WWI armistice centenary a cause for quiet remembrance in Derry


On this, the last centenary of a disaster in which tens of millions died pointlessly, avowed republicans will be among those acknowledging the bravery of their forebears who fought in WWI.

For many ‘Remembrance Day’ will be observed with a certain ambivalence, partly due to the false promises of ‘Home Rule’ made to the Irish Divisions and broken once their participation in the slaughter of 1914-18 had been secured.

Misgiving over the behaviour of British armed forces on the streets of Derry in the decades after the world wars is undoubtedly another source of mixed emotion. On Sunday Rosemount man, Derek McCauley, will remember his late father Michael ‘Mack’ McCauley who survived both WWI and WWII with honour.

But speaking to the ‘Journal’ this week he said he had always been unimpressed by the way his father was treated by the authorities when he eventually laid down arms to rear a family in Derry.

‘Mack’, originally from Foyle Road, fought in both world wars and was also involved in republican activism during the inter-war period.

After serving in WWI, enlisting as an 18-years-old in 1914, ‘Mack’ threw himself into the anti-partionist movement when the Redmondite promise of Home Rule was revealed as a chimera.

“The three of them [Mack and his brothers Hubert and James] got involved and they ended up in Kilmainham gaol. I’ve his medal from the Tan War,” explains Derek.

Notwithstanding his republicanism ‘Mack’ again enlisted in the British Army when WWII broke out in 1939.

As Derek says, he saw it as a different fight to that which had been going on in Ireland.

“He was in Dunkirk. While he was in France his eldest son, aged 12, died of Leukemia. He had to come home for a fortnight and watch his eldest son dying. That ripped the heart out of him,” said Derek, who has always felt disgusted by the way in which his father was treated by both the RUC and the British Legion after he left the army.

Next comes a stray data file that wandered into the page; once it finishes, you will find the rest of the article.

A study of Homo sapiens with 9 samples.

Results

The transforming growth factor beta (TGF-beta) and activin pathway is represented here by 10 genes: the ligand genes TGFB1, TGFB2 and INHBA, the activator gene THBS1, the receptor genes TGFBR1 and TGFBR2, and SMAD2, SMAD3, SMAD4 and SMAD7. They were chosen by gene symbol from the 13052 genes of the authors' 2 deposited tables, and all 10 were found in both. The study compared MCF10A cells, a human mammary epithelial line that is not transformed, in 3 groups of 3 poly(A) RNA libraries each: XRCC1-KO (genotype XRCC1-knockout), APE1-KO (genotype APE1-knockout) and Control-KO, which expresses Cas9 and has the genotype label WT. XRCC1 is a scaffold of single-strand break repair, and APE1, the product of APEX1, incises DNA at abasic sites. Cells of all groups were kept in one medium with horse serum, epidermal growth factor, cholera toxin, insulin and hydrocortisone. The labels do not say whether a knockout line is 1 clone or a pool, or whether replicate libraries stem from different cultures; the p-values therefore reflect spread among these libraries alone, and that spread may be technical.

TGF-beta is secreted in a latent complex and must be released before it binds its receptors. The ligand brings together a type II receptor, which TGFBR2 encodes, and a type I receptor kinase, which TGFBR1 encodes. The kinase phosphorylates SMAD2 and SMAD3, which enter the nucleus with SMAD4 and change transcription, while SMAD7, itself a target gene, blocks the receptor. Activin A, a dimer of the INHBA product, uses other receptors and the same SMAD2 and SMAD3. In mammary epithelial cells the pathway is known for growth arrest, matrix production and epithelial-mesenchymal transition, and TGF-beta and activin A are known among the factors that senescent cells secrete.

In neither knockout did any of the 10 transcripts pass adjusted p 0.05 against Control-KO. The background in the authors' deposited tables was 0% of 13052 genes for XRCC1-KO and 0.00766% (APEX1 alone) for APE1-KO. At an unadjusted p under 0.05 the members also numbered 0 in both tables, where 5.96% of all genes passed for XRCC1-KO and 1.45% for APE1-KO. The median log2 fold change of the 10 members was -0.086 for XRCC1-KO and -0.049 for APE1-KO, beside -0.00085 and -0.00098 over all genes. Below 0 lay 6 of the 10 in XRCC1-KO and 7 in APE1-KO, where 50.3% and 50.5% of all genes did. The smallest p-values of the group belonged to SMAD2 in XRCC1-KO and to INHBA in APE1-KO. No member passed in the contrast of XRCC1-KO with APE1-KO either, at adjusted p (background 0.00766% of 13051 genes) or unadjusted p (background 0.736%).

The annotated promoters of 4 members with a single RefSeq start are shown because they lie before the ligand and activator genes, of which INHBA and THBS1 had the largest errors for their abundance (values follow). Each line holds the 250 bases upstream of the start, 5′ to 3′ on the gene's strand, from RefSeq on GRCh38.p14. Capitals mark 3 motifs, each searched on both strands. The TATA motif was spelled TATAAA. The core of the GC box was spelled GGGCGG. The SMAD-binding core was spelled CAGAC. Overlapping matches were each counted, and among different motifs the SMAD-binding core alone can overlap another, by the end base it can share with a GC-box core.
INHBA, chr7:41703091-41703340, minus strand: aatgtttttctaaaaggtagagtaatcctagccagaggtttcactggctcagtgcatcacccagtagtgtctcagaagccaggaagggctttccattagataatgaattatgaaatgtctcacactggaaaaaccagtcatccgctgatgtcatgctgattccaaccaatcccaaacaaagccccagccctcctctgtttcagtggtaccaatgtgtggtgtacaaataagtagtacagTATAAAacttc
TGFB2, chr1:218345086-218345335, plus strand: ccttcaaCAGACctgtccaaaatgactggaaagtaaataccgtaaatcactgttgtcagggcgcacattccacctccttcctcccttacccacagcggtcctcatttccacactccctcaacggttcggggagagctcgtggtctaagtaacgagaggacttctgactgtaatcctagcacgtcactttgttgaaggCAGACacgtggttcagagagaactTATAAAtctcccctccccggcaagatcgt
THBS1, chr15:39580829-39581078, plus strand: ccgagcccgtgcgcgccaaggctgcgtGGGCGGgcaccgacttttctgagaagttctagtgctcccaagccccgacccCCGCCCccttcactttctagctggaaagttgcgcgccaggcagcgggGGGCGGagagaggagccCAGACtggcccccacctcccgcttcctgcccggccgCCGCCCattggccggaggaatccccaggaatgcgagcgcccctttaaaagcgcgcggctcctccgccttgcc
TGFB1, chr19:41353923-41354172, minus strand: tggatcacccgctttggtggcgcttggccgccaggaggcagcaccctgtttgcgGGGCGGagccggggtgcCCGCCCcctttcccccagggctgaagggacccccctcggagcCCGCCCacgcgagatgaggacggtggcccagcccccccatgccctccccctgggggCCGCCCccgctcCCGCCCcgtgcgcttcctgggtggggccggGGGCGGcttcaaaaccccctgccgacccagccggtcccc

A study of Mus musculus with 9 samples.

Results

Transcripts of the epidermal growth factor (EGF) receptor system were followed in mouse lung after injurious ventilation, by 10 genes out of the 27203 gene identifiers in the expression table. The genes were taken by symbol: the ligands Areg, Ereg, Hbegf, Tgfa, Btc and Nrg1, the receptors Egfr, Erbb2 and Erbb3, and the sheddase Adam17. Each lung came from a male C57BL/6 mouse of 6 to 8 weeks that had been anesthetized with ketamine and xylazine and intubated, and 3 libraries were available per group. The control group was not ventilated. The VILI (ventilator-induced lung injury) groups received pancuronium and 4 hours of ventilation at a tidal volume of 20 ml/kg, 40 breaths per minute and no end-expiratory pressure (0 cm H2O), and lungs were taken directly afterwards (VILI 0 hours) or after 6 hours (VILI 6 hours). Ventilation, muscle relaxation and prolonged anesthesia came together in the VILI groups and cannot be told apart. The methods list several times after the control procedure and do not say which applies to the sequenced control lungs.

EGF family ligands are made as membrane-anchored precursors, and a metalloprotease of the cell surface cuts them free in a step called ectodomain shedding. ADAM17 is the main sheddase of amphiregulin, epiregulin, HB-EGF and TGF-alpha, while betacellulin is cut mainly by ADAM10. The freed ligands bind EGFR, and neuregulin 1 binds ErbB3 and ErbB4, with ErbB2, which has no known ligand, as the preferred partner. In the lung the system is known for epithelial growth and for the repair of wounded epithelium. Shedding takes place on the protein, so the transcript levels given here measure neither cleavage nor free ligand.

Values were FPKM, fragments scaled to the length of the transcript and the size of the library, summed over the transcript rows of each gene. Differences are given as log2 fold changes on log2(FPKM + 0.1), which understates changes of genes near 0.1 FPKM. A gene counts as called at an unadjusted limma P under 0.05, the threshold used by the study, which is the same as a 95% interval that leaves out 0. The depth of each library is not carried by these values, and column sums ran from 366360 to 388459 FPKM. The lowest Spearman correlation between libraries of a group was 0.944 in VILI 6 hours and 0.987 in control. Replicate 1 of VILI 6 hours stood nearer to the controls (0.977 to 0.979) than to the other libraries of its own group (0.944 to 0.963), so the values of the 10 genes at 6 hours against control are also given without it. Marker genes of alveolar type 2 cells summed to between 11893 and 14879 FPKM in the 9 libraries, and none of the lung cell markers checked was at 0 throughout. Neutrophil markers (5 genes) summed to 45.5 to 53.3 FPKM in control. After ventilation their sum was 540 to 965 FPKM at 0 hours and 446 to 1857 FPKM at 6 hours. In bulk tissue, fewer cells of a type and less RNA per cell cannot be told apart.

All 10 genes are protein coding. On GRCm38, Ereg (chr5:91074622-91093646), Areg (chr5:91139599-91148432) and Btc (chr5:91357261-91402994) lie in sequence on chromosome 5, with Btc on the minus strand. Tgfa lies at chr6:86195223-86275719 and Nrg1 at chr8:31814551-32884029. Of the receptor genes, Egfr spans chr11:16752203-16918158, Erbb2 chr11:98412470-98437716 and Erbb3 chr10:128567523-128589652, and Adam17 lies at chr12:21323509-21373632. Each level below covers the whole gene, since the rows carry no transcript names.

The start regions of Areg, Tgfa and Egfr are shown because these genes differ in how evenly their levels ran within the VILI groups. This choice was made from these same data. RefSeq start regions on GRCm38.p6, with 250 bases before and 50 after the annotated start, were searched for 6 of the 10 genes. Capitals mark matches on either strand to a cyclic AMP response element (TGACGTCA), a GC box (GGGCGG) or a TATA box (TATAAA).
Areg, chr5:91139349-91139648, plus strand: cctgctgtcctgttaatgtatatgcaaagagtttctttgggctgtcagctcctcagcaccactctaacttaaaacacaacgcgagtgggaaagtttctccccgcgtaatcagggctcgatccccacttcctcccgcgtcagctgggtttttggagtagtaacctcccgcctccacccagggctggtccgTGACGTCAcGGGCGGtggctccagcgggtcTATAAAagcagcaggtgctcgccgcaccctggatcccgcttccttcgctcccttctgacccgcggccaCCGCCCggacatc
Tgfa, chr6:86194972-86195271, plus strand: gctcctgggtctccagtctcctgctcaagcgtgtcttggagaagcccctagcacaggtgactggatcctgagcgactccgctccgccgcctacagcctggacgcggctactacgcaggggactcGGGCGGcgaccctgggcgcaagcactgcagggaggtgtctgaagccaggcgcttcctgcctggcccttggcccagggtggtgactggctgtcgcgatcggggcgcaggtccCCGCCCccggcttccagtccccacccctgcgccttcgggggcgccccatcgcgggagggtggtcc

“I was 11 at the time - it was a dark winter’s night and there was a knock on the door. There were two policemen looking for his ‘residence permit.’ He had fought two world wars but yet they were holding this over his head. He was in the British Legion at the time and he went to them for help and they wouldn’t do anything for him and he threw back the badge to the British Legion.”

Michael Gillespie, from Lisfannon Park, is another nationalist who, on Sunday, will contemplate the fate of his late uncle-in-law, Patrick Smith, killed in action, May 1918.

Originally from St. Patrick’s Street in the old Bogside, Patrick died on May 4, 1918, not long after going ‘over the top’ in France.

Little detail is known of what happened to Michael’s mother’s brother-in-law but whatever it was, it deserved mention in a despatch by ‘The Butcher of the Somme,’ Field Marshall Douglas Haig.

The despatch, which mentions Patrick’s “gallant service,” was acknowledged by the Secretary for War, Winston Churchill, in a letter to the late Royal Inniskilling Fusilier’s family. He was also awarded both the 14-15 Star and the Victory Medal and is buried in the Chambieres French National Cemetery near Metz.

Michael, who when the conflict erupted in the Bogside in the late 1960s, used to use a WWI gas mask bag when manning a first aid post in Rossville Street, will remember Patrick on Sunday.

“The story we were told was that he went into the trenches and was there for the whole of that winter of 1917/18. He died and was buried in one of the German cemeteries, I think, and then after the war they reinterred all the Allied soldiers into the Chambieres National Cemetery and that’s where he is. The story at the time was that he was there that whole winter and very few people lived that long,” says Michael.

Derek, meanwhile, will be thinking of his father this Sunday but has little time for all the cant about ‘glorious sacrifice’ that is regurgitated around this time of year.

“All this stuff about McClean not wearing a poppy,” he says. “When you’ve a thing like that [his father’s treatment] with a man that fought in two world wars. When people tried to shove the poppy down my throat, I said to them how many of you had a father who fought in two world wars.”